Its this: the attitude to the physical. Frank and Leonard quite rightly show us the tabernacle and the temple as buildings that were rich in their architecture and furnishings. They were rich in form and content–in other words, not only were the built with rich materials like gold, onyx, silver, pearl, fine cedar and marble and stone, but they were rich in symbolism and significance. Everything carried multiple levels of meaning. The temple and everything in it was a rich and varied and abundant sermon in stone.
Catholic churches used to be like that too. What has happened? We’ve downgraded the physical. We’ve said those things don’t matter. In fact, there’s a sort of modern iconoclasm. We not only say these physical things don’t matter we distrust them. We tear them down and throw them out in favor of bare auditoria with seats in. Protestants have always done so from the beginning, but now Catholics have done so too.
Why is that? It is not simply a need to do things on the cheap. It is not simply a need to be utilitarian and build a practical and sensible structure. At the root it is a distrust in the physical means of grace. It is a distrust and dislike for what Catholics might call “the sacramental principle.” The sacramental principle is the idea that God comes to us through the physical world. The physical world is how he comes to us and reveals himself to us. This is the whole meaning of the story of creation and God’s revelation through history which culminates in the triumph of God’s revelation through the physical world–which is the incarnation of his Son of the Blessed Virgin Mary.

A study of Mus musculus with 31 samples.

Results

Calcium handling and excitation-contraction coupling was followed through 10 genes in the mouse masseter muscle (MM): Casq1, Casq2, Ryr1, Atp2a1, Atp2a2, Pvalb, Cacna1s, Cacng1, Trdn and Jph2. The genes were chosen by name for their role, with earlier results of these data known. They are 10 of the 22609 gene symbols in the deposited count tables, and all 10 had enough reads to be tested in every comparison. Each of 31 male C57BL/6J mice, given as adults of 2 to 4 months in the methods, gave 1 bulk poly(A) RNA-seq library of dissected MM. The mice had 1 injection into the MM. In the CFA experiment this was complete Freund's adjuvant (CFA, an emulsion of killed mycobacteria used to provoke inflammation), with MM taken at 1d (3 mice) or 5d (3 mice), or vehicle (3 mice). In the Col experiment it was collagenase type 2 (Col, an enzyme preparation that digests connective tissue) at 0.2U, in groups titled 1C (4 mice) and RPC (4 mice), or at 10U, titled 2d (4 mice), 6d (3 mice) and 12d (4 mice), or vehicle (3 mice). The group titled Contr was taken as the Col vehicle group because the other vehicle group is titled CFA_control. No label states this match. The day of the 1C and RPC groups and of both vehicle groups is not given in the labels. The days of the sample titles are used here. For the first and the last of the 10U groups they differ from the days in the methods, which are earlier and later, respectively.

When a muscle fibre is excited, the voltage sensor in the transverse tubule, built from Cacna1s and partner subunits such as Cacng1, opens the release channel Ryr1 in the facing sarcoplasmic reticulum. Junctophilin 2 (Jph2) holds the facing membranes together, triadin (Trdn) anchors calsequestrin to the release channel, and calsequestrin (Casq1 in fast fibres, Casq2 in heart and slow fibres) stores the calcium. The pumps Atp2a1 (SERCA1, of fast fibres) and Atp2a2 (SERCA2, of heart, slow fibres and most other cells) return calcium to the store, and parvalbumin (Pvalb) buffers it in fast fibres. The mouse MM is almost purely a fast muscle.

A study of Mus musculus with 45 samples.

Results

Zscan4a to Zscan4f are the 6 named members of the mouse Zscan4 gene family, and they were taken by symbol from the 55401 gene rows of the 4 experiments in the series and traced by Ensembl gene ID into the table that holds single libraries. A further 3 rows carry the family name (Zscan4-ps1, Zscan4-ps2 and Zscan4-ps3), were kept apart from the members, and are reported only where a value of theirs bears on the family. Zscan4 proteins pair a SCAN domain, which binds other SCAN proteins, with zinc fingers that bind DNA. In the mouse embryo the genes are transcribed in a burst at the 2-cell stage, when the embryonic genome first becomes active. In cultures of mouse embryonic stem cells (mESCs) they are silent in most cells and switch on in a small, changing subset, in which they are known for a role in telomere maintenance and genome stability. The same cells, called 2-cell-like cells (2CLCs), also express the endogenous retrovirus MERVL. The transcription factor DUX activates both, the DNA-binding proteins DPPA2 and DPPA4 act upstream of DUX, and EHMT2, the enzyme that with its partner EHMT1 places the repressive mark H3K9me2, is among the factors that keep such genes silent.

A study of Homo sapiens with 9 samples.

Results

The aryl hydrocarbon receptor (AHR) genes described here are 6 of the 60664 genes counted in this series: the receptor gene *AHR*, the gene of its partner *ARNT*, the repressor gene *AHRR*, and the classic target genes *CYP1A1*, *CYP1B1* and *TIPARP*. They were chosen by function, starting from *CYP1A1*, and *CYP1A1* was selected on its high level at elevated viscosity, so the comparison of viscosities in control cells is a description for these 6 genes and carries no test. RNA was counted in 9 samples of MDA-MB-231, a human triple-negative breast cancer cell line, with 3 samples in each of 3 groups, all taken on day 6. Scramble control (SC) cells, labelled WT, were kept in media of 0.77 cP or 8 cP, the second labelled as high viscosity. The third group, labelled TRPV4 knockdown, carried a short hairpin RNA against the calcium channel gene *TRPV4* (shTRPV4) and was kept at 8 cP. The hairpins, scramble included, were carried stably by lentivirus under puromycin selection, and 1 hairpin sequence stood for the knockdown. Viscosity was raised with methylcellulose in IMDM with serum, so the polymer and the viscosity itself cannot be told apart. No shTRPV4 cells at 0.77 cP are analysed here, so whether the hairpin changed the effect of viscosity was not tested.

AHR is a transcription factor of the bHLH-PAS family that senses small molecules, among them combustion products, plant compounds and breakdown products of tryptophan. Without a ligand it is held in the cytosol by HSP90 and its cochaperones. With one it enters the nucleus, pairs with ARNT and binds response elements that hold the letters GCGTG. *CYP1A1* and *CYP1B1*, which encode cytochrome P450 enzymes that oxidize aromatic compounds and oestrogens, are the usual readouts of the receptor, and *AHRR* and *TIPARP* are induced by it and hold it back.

The sacramental principle keeps this alive in the world. Catholics say insist that matter matters. God still comes to us through the physical realm. That’s why some of us (despite the degradations of modernism) insist on building beautiful churches, why we insist on beautiful vestmenst, statues and stained glass, lighting candles, kneeling to pray, burning incense and wearing crucifixes. This is why we as Catholics believe that through water one is united with Christ, through bread and wine we participate in his body and blood, through oil we are forgiven and healed, through physical love we are united with our spouse, through the laying on of hands we are ordained and made deacons, priests and bishops.
The underlying reason for the poverty of modern Catholic church architecture is more troubling than merely the fact that people have erected cheap, ugly buildings for worship. The underlying reason is that modern American Catholics have actually departed from their own Catholic belief in the sacraments. They have adopted a materialistic mindset–that modern heresy that considers the physical world to be meaningless–something to be consumed or denied any significance. For too many Catholics the church building is just an auditorium to hear a platitudinous sermon on Sundays and likewise the consecrated host is a “Jesus cookie”–a symbolic wafer and no more.
If they really believed the consecrated host was the Body Blood Soul and Divinity of their Lord and Savior Jesus Christ they would fall down and worship and adore.
And they would build a beautiful temple for him to dwell in.